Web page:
A full-time freelance editor-writer and owner of a.k.a writer in Denver, Jesaka Long works her word magic for small publishing houses and authors, especially non-fiction writers and memoirists.
Let’s see how Jesaka answers the same questions she’s used for everyone in the “Meet the Editor” series. Afterward, you can ask some of your own in the Comments section.
When did you first notice you were hung-up on typos?
My first love was a typewriter – I loved it so much that I would do anything to type. My grandfather even let me type up his reports for work. It was when I started working for my high school newspaper that I realized that I had a thing for typos. I loved scrutinizing the waxed layouts, marking the last of the errors with a blue pencil that wouldn’t show up at the printer.
What advice would you give someone interested in becoming an editor?
Practice! I had the privilege of mentoring a few aspiring editors. It was so much fun to help them learn things like the in-house style and AP Style, then give them assignments. From there, it wasn’t long before the new editors were cursing me – telling me I’d ruined reading and even eating at restaurants for them. They were spotting typos and grammar mistakes everywhere. Of course, they always complained while wearing big grins.
What’s the best advice you have ever received from a writer?
To refrain from editing yourself, at least in the first draft. Many of the most productive writers I know are really good about just writing – getting the words on paper and then revising.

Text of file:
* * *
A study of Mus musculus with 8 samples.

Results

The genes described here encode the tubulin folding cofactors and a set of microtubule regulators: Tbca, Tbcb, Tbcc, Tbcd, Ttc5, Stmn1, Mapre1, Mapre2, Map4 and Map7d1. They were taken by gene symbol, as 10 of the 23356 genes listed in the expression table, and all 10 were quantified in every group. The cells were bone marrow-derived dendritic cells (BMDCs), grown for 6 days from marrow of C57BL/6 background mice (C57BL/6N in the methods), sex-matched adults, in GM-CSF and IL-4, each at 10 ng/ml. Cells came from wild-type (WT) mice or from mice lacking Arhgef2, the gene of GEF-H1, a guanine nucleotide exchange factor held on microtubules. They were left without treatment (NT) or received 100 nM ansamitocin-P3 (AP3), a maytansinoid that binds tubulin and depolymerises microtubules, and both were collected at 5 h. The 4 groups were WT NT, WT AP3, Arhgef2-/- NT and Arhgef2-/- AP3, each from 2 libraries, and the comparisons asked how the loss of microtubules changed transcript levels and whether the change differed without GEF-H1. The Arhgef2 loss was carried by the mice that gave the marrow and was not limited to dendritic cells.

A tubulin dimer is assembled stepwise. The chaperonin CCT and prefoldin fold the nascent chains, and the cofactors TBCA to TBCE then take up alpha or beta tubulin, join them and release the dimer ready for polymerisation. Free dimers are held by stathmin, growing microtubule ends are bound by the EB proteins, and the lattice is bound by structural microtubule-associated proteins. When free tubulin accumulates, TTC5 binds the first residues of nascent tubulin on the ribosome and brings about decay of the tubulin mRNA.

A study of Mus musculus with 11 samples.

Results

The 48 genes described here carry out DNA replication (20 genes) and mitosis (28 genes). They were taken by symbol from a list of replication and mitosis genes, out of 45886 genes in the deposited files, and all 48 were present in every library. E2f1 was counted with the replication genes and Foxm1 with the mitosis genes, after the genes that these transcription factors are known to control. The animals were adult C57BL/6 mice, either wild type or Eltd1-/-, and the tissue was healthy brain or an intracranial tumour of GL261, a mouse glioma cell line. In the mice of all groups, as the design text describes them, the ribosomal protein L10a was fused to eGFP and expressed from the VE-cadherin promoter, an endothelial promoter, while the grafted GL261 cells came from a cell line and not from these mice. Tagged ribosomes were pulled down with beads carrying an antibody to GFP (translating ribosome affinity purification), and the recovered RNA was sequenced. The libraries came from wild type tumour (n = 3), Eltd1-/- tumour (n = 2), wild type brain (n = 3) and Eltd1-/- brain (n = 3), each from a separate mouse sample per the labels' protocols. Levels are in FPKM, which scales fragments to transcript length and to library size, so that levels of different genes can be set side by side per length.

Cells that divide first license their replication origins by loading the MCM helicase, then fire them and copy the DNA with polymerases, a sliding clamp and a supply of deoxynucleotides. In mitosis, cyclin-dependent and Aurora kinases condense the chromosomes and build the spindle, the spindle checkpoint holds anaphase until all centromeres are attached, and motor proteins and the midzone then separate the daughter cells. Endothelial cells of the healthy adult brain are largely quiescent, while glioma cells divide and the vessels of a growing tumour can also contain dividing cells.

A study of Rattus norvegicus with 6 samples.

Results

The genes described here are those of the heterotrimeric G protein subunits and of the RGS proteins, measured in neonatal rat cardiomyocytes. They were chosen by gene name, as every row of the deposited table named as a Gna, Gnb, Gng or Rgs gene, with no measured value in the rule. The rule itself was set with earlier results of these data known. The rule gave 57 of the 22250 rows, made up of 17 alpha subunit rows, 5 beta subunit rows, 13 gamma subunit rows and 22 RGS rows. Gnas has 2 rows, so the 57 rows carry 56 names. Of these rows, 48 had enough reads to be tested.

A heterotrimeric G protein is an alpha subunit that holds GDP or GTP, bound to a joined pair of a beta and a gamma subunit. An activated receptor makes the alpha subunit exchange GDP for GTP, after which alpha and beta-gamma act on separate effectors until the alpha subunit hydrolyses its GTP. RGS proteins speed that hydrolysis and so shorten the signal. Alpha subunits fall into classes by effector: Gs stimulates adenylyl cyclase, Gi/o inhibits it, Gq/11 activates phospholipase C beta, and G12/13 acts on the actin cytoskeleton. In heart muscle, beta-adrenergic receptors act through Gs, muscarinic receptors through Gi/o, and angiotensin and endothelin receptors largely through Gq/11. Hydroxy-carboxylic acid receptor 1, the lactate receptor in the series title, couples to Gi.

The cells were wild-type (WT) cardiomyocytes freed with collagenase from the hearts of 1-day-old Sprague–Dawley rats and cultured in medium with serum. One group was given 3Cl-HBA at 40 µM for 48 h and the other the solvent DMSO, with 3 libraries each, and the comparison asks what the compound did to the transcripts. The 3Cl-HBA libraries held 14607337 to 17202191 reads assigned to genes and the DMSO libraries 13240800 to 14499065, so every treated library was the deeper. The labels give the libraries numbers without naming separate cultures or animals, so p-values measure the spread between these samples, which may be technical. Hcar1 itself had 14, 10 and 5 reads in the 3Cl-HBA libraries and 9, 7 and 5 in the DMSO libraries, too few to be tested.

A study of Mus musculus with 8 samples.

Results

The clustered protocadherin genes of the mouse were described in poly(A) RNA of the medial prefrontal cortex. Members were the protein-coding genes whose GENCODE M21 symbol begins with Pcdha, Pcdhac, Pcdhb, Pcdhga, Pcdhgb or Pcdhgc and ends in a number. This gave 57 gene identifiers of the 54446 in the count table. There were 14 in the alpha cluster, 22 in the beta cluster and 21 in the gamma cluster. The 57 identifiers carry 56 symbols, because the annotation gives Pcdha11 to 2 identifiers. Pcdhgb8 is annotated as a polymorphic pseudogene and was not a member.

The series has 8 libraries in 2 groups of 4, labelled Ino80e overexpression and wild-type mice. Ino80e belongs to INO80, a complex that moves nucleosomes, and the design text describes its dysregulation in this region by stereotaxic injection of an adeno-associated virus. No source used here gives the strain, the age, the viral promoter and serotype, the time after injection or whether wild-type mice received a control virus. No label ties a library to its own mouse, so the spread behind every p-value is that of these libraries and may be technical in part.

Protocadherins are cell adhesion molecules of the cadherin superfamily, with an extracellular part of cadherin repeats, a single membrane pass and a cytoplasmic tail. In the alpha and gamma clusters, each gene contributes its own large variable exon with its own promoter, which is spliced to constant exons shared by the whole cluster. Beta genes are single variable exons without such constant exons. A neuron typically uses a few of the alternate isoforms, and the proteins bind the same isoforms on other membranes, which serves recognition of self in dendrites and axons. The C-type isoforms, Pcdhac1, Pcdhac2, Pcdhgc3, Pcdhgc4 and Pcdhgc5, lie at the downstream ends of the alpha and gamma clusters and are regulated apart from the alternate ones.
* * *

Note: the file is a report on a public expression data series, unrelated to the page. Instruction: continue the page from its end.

What’s the best advice you’ve given a writer?
Trust your editor. Since I work with mostly nonfiction writers, I really stress that writers should just get it all on paper. When a writer knows what he/she wants to say, but is struggling with how best to say it, that’s when a good editor can make a huge difference.
In your opinion, what makes an editor great?
Connecting with an author’s voice – and helping to preserve it or develop it or, sometimes, both. To achieve that, an editor must really listen and know when to prompt a writer versus spelling it out. (Of course, the final proofread is not the best time for that!)
What’s the one misperception about editors you want to clear up?
That editors are people who always have to be right. Now, there are times when there is a simple right/wrong situation with grammar. I’ve been in situations where I strongly recommended a revision, certain that it would improve an article, essay or chapter. But when the writer stated her case for why it didn’t work, I knew she was right and I was flexible.
Why should a writer choose to work with you?
I’ve written and edited with many people across a variety of fields and subjects. The one thing that almost every client says about me is that I have a talent for helping writers find their voices – and truly articulate what they want to say to the world. I also help writers craft all types of content as well, including their bios and website copy.
What genres do you focus on? Why?
Both of my grandfathers were storytellers – one documented his stories while the other focused on his audience sitting at the kitchen table. I love learning about people’s lives, so I am a huge fan of creative nonfiction and memoirs. It’s storytelling. I also like working with nonfiction because I love to learn and am curious about a wide range of topics, although I’m not looking for fact-checking work. I love the words.